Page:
There's no simple recipe that could be followed to describe or recreate the effects of this play; if Fadwa's secret technique involves speaking lovingly to your food, then director Shana Gold's heart must have been overflowing with (deserved) compliments to her cast and crew. That the play itself, written by Issaq and Jacob Kader, has been simmering in development for roughly five years, speaks even more to the fully realized flavors -- so much so that even the necessary table setting of plot and character establishment that consumes Act I comes across as powerful, interesting, and informative stuff. Most importantly, the cultural portion sizes -- and their presentation -- is such that you'll never feel overwhelmed; in truth, you'll feel at home. Familiarity, after all, is the way in which Food and Fadwa truly sinks its teeth into you; there may be valid political reasons for the 24-hour-curfew, or the endless checkpoints that turn the five-mile drive into Jerusalem into a five-hour affair, but from a household perspective, short on food, electricity, and nerves, it's impossible not to be moved.
Impossible, too, not to be uplifted by the hope that blossoms even in these conditions: when war postpones your wedding, turn the meal into rations for your trapped family; when your husband goes missing, show your faith and conviction by refusing to change out of your wedding dress; savor those beautiful moments of cleanliness and clarity: a shaving ceremony momentarily snaps Baba out of his fugue and has him calling for his oud; and make your own future, by planting and preserving the olive trees sacred to your family and food. That's the reason, at least, for the comic presence of Aunt Samia (Kathryn Kates), the constantly smoking and gossiping tough old broad who never ages a day and who knows that the true tragedy of a blackout is in not being able to vote for your favorite singer on Arab Idol: life goes on, no?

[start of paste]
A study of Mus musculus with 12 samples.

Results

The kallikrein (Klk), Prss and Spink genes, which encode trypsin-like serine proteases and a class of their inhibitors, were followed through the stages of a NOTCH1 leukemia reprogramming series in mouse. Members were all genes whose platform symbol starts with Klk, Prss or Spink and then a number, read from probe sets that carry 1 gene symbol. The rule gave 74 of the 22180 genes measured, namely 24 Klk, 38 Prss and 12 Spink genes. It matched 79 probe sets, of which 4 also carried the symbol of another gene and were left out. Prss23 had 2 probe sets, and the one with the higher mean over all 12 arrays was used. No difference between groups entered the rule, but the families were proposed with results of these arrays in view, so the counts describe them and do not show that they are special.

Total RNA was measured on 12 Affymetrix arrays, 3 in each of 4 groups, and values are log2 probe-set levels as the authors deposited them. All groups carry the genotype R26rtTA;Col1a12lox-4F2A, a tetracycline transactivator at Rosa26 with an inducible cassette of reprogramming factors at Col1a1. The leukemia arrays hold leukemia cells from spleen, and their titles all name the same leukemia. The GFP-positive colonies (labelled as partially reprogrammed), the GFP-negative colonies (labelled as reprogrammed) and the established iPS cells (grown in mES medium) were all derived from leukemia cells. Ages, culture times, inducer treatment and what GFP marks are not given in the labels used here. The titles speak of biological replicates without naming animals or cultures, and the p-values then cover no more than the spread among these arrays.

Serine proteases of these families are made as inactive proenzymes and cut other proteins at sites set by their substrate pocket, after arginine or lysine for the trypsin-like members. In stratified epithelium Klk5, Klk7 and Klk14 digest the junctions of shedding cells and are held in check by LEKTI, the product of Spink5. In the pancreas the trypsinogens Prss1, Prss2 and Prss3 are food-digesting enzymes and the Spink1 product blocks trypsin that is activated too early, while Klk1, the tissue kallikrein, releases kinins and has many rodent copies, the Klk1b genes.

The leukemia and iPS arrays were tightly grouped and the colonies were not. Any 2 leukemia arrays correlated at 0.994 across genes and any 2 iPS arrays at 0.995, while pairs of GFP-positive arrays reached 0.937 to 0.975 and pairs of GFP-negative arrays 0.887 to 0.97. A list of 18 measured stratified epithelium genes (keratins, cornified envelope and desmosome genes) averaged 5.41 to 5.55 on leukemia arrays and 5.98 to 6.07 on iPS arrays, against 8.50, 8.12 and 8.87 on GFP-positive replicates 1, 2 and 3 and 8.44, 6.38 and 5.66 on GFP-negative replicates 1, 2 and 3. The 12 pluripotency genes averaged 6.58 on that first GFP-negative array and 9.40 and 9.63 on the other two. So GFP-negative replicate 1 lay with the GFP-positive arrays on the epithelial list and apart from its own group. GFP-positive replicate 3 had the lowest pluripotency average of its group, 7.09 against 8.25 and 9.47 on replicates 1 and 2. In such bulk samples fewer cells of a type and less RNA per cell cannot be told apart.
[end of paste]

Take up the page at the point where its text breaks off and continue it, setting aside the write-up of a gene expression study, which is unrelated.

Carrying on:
Even those who dismiss the cultural aspects of this play as a mere garnish -- such a humorously depicted "visual aid" of the labyrinthine checkpoint system -- and who might call this a literal kitchen-sink domestic drama would have to pause at such consistent performances. Issaq in particularly is a pleasure to watch, slowly fraying from her hyper-friendly "television" personality to a pitiably jealous spinster, her wide smile cracking each time her father slips away. Sleiman's terrific, too, swapping between a slick, jocular bravado with his family and a raw, heartfelt emotion within his attempts to get through to his soon-to-be father-in-law. As for Nakli himself, his character's moments of lucidity (in flashbacks and occasionally in the present) are so powerful that they make his general confusion all the more devastating. It's harder to speak about Raffo and Moayed's characters: the former's is meant to be overwhelming (and distasteful), whereas the latter's is saddled with the most blatantly (and blandly) scripted portions of the show: it's hard to see Hayat and Youssif as an item.
Despite that, Food and Fadwa remains a treat for your theatrical taste-buds: sweet, sour, bitter, occasionally salty, and overall umami.